Crypto-assets’ transfers would need to be traced and identified to prevent their use in money laundering, terrorist financing, and other crimes.
- The legislation is part of the new EU anti-money laundering package
- Aim is to ensure crypto-assets can be traced in the same way as traditional money transfers
- There is an absence of rules for tracing transfers of crypto-assets like bitcoins and electronic money tokens
On Thursday, MEPs from the Committee on Economic and Monetary Affairs (ECON) and the Committee on Civil Liberties (LIBE) adopted, with 93 votes to 14 and 14 abstentions, their position on draft legislation strengthening EU rules against money laundering and terrorist financing.
Traceability of transfers of crypto-assets
Under the new requirements agreed by MEPs, all transfers of crypto-assets will have to include information on the source of the asset and its beneficiary, information that is to be made available to the competent authorities. The rules would also cover transactions from so-called unhosted wallets (a crypto-asset wallet address that is in the custody of a private user). Technological solutions should ensure that these asset transfers can be individually identified.
The aim is to ensure that crypto transfers can be traced and suspicious transactions blocked. The rules would not apply to person-to-person transfers conducted without a provider, such as bitcoins trading platforms, or among providers acting on their own behalf.
No minimum thresholds
Due to their speed and virtual nature, crypto-asset transactions easily circumvent existing rules based on transaction thresholds. MEPs decided therefore to remove minimum thresholds and exemptions for low-value transfers.
Public register of high-risk entities
MEPs want the European Banking Authority (EBA) to create a public register of businesses and services involved in crypto-assets that may have a high risk of money-laundering, terrorist financing and other criminal activities, including a non-exhaustive list of non-compliant providers.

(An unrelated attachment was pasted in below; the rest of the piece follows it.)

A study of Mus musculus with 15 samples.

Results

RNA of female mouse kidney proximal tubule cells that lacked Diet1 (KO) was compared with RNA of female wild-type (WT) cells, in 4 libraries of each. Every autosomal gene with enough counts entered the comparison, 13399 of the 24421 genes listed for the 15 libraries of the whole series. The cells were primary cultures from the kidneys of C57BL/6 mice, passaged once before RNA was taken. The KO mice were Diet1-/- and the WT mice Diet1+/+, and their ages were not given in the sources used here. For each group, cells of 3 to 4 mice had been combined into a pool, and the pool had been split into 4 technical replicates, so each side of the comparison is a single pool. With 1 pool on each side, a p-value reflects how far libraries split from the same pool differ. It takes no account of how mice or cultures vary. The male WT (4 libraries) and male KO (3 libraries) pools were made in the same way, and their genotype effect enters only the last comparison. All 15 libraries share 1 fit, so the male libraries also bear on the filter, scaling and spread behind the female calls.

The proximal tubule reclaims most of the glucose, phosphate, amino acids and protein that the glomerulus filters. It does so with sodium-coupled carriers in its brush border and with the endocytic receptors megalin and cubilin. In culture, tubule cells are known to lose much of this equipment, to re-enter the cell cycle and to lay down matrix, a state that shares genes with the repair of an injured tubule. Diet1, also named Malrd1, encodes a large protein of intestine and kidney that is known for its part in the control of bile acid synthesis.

Before making the crypto-assets available to beneficiaries, providers would have to verify that the source of the asset is not subject to restrictive measures and that there are no risks of money laundering or terrorism financing.
Ernest Urtasun (Greens/EFA, ES), co-rapporteur for ECON said: “Illicit flows in crypto-assets move largely undetected across Europe and the world, which makes them an ideal instrument for ensuring anonymity. As illustrated by all the recent money-laundering scandals, from the Panama Papers to the Pandora Papers, criminals thrive where rules allowing for confidentiality allow for secrecy and anonymity. With this proposal for a regulation, the EU will close this loophole.”
Co-rapporteur for LIBE Assita Kanko (ECR, BE) said: “Our report has two goals: to protect and to normalise. We should be facilitating the use of crypto-assets by people of good will safely and correctly, as well as protecting against the use of crypto-assets for terrorist financing, extortion, child sexual abuse material or money laundering. But we also seek to normalise the crypto world as it grows, implementing rules that create trust. More than a decade after the creation of Bitcoin, it is high time we took these important steps for our citizens.”
The adopted text represents the draft mandate for MEPs to negotiate the final shape of the legislation with EU governments. The EP as a whole should vote on it during the plenary session in April.
The new rules are part of a new Anti-money laundering package, which sets out measures to strengthen the EU rules on combating money laundering and terrorist financing. It addresses the shortcomings of the existing framework, which include ineffective implementation, weak oversight and insufficient detection of suspicious transactions.
Currently there are no rules in the EU allowing crypto-asset transfers to be traced and providing information on the originator/beneficiary of such crypto-asset transfers.